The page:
Background: Upper respiratory infections account for more than 30 million U.S. physician office visits each year; another 28 million visits are made for chronic sinusitis and allergic rhinitis. From a cost and convenience perspective, it is not practical to offer diagnostic imaging for patients with sinusitis who are not candidates for surgical intervention. A red streak resulting from nasal drainage often is visible on the oropharyngeal mucosa. Thomas and Aizin tried to determine whether this red streak in the lateral recess of the oropharynx could be helpful in diagnosing acute sinusitis.
The Study: Patients with nasal symptoms who visited an urgent care center were recruited for the study. Their symptoms included nasal drainage, congestion, obstruction, or facial pain. Patients with self-diagnosed sinusitis also were included. Participants' medical histories and 10 physical examination findings, including sinus transillumination and presence of a red streak, were evaluated. All underwent coronal computed tomography (CT), and the findings were corroborated with a second evaluator. A neuroradiologist interpreted the CT images for air-fluid levels.
Results: Of the 73 patients included, 60 completed the study, and 27 patients were diagnosed with acute sinusitis. A red streak in the lateral recess of the oropharynx was identified in 30 patients. The red streak also was associated with acute sinusitis on CT with a positive likelihood ratio (LR) of 2.11 and a negative LR of 0.44 (see accompanying table).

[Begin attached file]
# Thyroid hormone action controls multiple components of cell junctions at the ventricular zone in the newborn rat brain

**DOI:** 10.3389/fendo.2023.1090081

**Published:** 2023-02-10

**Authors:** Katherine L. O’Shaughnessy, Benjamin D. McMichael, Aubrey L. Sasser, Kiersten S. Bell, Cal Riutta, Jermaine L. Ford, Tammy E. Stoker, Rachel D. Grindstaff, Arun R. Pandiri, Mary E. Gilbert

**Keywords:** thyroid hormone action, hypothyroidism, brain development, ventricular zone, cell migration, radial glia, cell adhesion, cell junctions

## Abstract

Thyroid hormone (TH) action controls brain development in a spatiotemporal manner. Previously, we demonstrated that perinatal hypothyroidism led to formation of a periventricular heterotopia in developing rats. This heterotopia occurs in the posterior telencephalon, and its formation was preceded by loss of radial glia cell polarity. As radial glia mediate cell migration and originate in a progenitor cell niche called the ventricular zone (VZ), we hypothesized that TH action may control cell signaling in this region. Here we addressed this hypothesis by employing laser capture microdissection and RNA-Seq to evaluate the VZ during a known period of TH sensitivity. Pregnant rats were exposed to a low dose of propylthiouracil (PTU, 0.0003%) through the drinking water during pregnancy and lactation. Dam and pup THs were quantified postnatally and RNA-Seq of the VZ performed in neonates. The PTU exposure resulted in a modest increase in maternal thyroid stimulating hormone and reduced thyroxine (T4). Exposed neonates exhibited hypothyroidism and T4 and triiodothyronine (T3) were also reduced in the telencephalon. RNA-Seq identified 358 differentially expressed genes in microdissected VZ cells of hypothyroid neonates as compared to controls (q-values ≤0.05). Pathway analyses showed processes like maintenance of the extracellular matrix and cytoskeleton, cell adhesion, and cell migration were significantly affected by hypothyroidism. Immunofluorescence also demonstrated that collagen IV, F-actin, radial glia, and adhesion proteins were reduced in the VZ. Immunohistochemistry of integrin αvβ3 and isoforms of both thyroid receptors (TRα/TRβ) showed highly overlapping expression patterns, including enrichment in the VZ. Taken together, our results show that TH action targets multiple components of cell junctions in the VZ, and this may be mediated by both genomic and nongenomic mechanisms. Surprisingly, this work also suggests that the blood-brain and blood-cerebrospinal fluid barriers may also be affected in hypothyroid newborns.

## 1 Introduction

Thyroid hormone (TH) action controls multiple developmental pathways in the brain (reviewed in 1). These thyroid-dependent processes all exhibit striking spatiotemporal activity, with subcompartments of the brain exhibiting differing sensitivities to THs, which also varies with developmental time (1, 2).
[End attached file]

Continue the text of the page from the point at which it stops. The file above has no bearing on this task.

Conclusion: The authors conclude that the red streak was positively associated with the diagnosis of acute sinusitis, which is a physical finding that has not been studied previously. They note that it is reproducible, simple to evaluate, and requires no special equipment. Transillumination also correlated with the diagnosis, but facial pain did not.
|Maxillary opacity on transillumination
|Facial pain/percussion tenderness
|Symptom duration > 10 days
editor's note: This study used CT as the comparison standard rather than radiography. In a previous study that used CT, it was found that a return of symptoms after a cold, purulent rhinorrhea and secretions, and an erythrocyte sedimentation rate greater than 10 mm per hour had independent associations with sinusitis.1 Other studies have used radiography to establish reference criteria. According to a review by the Agency for Healthcare Research and Quality, the presence of three or four of four nasal symptoms—purulent rhinorrhea with unilateral predominance, local pain with unilateral predominance, bilateral purulent rhinorrhea, and pus in the nasal cavity—has an equivalent diagnostic accuracy to that of sinus radiography, which has been shown to have a sensitivity of 76 percent and a specificity of 79 percent.2 In an earlier study, these criteria were developed into a prediction rule.3 The oropharyngeal red streak may aid in the development of a more reliable predictive model.—c.w.